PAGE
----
I paint abstract works that probe the dynamics of line, color, mark-making, and fluctuation of process as a derivative of how I navigate my footing as a woman and a mother in our ever-changing universe.
Reflective and present, I surrender to the dialogue of process as I begin to develop a surface and make decisions. In many of my paintings, I create fields of multi-layered congestion, which are heavily saturated, integrated sections of the canvas filled with marks, lines, directional patterns, and bold, saturated color combinations. As I paint, I make connections between discord and harmony. I use this method and the interplay of acrylic, spray paint, paint pens, and other mediums as a metaphor for the paradoxical ways life unfolds.
I find that exploring different approaches to painting widens the space for new dialogues to emerge, emulating real-life examples of what I am open to and what I refuse to see. For this reason, I work in series and consider these groupings of paintings to be unique visual abstract stories of the human experience through diverse lenses and perspectives. By informing the work with frayed notions and complexities of anxiety, misperceptions, stigmas, and patriarchal narratives, I navigate my way through the messiness, the struggle, until I reach a sense of peace and resolve within myself and the work.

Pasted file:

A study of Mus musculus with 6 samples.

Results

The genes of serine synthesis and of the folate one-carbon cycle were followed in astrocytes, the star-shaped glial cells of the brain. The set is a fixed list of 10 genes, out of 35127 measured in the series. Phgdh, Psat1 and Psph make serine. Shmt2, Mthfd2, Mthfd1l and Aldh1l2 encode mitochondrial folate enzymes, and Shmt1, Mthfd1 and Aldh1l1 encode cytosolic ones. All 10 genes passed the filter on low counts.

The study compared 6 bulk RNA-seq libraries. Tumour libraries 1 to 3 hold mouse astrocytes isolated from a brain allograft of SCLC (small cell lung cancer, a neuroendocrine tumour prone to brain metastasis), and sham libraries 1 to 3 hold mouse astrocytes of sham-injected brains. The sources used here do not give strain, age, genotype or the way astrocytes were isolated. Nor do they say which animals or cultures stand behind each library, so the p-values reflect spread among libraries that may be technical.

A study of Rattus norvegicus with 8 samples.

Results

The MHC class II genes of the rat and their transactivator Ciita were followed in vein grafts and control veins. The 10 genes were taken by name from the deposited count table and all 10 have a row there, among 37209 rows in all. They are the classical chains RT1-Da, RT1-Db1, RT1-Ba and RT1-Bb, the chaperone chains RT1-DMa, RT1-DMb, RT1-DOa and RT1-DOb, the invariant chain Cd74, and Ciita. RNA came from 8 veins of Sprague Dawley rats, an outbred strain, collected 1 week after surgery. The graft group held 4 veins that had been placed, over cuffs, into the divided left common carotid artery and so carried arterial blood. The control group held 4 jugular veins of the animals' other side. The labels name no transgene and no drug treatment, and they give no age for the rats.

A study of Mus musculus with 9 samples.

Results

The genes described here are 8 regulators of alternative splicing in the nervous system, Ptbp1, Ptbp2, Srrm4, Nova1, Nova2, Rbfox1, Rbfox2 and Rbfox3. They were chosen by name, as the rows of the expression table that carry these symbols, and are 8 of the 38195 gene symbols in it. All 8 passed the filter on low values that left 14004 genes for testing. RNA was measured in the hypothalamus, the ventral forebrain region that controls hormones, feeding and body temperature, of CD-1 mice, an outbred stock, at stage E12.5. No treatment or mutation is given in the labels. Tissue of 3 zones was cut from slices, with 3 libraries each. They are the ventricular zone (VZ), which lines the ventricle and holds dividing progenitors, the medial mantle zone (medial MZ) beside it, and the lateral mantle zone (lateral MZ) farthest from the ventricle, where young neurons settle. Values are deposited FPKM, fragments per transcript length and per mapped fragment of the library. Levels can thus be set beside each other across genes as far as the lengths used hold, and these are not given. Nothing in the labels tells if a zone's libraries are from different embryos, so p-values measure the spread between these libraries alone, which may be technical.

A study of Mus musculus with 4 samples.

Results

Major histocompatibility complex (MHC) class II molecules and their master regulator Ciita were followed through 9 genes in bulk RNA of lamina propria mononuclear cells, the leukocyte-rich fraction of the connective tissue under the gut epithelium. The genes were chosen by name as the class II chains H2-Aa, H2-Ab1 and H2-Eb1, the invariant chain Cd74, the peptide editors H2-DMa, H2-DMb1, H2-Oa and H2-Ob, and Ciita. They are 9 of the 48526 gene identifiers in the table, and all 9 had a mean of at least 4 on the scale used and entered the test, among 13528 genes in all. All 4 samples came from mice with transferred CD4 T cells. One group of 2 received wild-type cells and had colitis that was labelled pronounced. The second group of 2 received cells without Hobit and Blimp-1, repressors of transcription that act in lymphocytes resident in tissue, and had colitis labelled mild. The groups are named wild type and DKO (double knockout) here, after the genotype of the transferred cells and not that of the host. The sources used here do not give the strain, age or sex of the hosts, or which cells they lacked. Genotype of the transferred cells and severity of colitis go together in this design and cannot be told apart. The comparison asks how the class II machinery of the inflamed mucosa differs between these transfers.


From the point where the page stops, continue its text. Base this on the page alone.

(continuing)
"painting is my voice, my language. it is the truest version of myself that I can only describe in words as a sacred communion of emotional, spiritual and physical presence, serving as a bridge that connects me at a greater level of consciousness with myself and the world around me."
"Art was the only thing
I was certain I was good at and making it brought
me pure joy."
Thoughts Behind the Margin Series
A teenage girl nervously sits at her desk. She feels small and stupid. Her mind, flooded with a cacophony of self-loathing chatter as she struggles to learn and understand what the teacher is teaching. Her anxiety is through the roof. She picks up her pencil and fills the margins of her paper.
A revelatory studio session jolted me back to memories of my days as a nervous high school student when I noticed a transition in my work that encompassed the use of repetitive mark-making. Learning had become increasingly arduous for me and my inability to focus and comprehend the material had me retreating to the margins of my paper, packing them with rhythmic lines, shapes, and patterns. In retrospect, I believe it was my coping mechanism to help alleviate the state of my severe stress and anxiety.
This recollection led to further exploration of new work involving these comforting methods that I relied on as a teenager. This paradigm shift in my work has seemingly altered how I approach painting. How I employ line work is a direct correlation to youthful days of self-deprecation and self-preservation. Working with a variety of mediums, I’m revisiting an entity that consequently contributed to my lifelong feeling of intellectual inferiority and offering it renewed meaning woven into the details of these multilayered works.